Someone please bookmark this thread so we can do a copy-and-paste when the time comes.
A dying language? lol That's funny...
programming languages are like vehicles - trucks are meant for heavy work; sports cars for speed and looks; economy cars for everyday use and mileage...you get the idea. choose whatever language suits your needs. you wouldn't use a Ferrari to haul bricks to a work site, right? (I probably would, but that's just me) I use different languages for different tasks. it's that simple.
Such People are unaware of 3 things : 1) Most of their 'Loved Languages' were developed in C++... 2) If they loved some games, they were able to play it due to C++(And new ones due to C#, but still it is derived from C++//Follows 1) 3) Even Windows uses C++
Half of them are probably javababies who couldn't tell the heap from the stack
You know the one thing I miss in other languages? Pointers. So simple yet so powerful :D It may seem hard for people (hence hate) but noone said that containing unlimited power would be easy.
c++ is great, i like c++, thank you very much Ace for this thread 👍😉
i think it's great because it's used for games😆♔♕♖♗♘♙
Btw binary and hex still aren't dying yet xD
C++ is used in robotics, and is in fact one of the most important languages of advanced robotics. But sure, tell me how it isn't relevant anymore.
@Ace nice👍👍👍 (don't know what to say 😅😅😅) and it seems like someone just downvoted your comments 😓😓😓😓
C++ is different on sololearn. Sololearns compiler limits what C++ can do. As well as not being able to link .cpp files and .h files. If it was possible to use them C++ would be able to compete with the Web languages on SL.
The folks that found us the Higgs boson particle uses a C++ interpreter for data analysis ... so still very relevant (although clang has received much criticism by some) see https://root.cern.ch. Some time ago I installed it on my laptop both Linux and Windows out of curiosity... another thing to get back to.
Ace [Part 2 of 2] I suppose the relative difficulty of mastering one language over another is going to be different from person to person. 😉 For clarification, C++ can be mastered like any other language. However, even beyond pointers, there are many more nuances with C++ that simply don't exist in other languages. This is what makes C++ __relatively__ more difficult to master than similar alternatives. Rather than blow this thread up with a breakdown of these nuances, I'll provide some handpicked links that make this point clearer: https://softwareengineering.stackexchange.com/a/44975 https://adamtcroft.com/why-c-is-so-hard-to-learn/ https://www.quora.com/What-makes-C++-really-difficult-to-learn https://www.perforce.com/blog/qac/7-common-errors-c-cpp-programming https://www.toptal.com/c-plus-plus/top-10-common-c-plus-plus-developer-mistakes http://www.cplusplus.com/forum/general/43614/ Again, many will disagree. But the arguments presented otherwise are still very real to many, many people. 😉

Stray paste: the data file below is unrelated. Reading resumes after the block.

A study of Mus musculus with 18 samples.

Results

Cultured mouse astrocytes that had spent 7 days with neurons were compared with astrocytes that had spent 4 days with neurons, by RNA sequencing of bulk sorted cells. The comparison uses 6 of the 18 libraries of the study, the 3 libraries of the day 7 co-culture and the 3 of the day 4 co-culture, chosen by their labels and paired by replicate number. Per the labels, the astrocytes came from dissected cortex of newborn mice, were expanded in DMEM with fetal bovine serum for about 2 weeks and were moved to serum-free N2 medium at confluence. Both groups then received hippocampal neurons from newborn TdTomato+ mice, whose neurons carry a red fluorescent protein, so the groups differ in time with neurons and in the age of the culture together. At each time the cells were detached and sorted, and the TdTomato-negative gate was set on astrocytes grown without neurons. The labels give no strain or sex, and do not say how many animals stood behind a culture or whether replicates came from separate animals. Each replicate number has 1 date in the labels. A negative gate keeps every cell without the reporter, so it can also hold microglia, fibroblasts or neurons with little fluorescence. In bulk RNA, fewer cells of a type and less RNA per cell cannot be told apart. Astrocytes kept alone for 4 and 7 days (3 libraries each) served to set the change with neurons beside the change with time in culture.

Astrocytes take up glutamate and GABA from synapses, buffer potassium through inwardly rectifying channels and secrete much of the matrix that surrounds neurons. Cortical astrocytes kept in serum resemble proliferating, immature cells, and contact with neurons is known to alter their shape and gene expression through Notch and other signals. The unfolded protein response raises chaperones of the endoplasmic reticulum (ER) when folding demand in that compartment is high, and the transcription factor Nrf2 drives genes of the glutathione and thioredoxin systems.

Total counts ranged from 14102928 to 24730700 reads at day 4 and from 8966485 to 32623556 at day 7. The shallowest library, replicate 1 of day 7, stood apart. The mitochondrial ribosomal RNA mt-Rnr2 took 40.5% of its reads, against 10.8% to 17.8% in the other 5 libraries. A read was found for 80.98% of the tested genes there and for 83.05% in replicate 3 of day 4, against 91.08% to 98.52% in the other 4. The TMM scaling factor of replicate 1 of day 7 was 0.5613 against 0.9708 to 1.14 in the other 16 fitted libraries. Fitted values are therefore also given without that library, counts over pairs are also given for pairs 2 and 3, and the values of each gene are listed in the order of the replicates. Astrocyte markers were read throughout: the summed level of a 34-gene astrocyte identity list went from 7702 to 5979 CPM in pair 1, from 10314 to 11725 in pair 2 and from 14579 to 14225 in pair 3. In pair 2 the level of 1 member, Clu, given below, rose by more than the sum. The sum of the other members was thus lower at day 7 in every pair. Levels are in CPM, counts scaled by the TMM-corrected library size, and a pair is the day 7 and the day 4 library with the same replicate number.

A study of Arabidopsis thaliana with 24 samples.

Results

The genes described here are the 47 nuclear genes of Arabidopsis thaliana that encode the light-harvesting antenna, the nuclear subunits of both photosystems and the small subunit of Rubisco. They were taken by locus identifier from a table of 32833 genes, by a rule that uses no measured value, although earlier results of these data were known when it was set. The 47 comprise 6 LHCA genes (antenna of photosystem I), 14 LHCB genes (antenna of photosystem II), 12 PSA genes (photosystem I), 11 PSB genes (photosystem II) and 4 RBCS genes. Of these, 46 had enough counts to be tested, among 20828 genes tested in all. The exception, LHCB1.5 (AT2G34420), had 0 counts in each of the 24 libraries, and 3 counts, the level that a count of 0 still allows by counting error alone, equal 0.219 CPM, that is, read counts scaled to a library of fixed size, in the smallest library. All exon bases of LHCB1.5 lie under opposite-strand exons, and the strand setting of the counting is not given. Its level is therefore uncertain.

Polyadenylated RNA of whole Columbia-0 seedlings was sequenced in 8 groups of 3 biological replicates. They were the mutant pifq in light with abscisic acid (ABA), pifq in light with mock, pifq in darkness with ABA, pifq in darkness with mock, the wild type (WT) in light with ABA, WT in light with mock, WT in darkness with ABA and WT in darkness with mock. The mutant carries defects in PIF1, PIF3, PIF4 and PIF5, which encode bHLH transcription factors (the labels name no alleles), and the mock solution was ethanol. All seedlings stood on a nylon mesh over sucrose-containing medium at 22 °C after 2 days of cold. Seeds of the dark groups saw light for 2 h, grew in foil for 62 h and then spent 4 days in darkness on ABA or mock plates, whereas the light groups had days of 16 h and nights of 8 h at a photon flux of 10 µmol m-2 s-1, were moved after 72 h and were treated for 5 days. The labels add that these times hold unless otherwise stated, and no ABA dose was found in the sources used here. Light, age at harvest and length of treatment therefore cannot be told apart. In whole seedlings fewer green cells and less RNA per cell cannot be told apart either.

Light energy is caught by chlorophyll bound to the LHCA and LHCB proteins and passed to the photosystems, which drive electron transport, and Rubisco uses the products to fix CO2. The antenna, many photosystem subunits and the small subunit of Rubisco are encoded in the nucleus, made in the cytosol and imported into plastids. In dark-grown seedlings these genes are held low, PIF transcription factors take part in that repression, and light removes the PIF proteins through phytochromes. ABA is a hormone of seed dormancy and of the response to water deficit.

If you like C++ but think it's unnecessarily complicated, check out Rust. It's relatively new, but it's becoming extremely popular. For some tasks, it even outperforms C.
Found a better popularity index for C++ than my previous 'Google Trends' thing: TIOBE index: C++ is 3rd, after Java and C. https://www.tiobe.com/tiobe-index/
I think this gives some good reasons for loving C++ :) Bjarne Stroustrup - Why I Created C++ https://youtu.be/JBjjnqG0BP8
Thank you. If I were honest, C++ is going to live for quite a long time; nothing can really replace it.
Ace [Part 1 of 2] The challenge with C++ is with all its great power and capabilities, it's a tough language to master for both novice and experienced developers. While the benefits for mastering C/C++ are high, it's a much steeper learning curve for avoiding major issues that simply don't exist in other languages. With easier alternatives available, the masses are gravitating to simpler languages. Sadly, in our industry, where the majority of professional developers are mediocre at best, it's harder to find strong, experienced C++ devs who can keep up with the productivity of these higher level languages. As demand goes up for tech solutions with limited supply of C++ developers, companies will continue making hard decisions like DropBox did in abandoning C++ on some projects. While this was for an ambitious goal of a common native codebase for their mobile app, it's not an uncommon decision in general. https://www.theregister.co.uk/2019/08/16/dropbox_gives_up_on_sharing_c_code_between_ios_and_android/
No language should be, can be and must be considered discarded!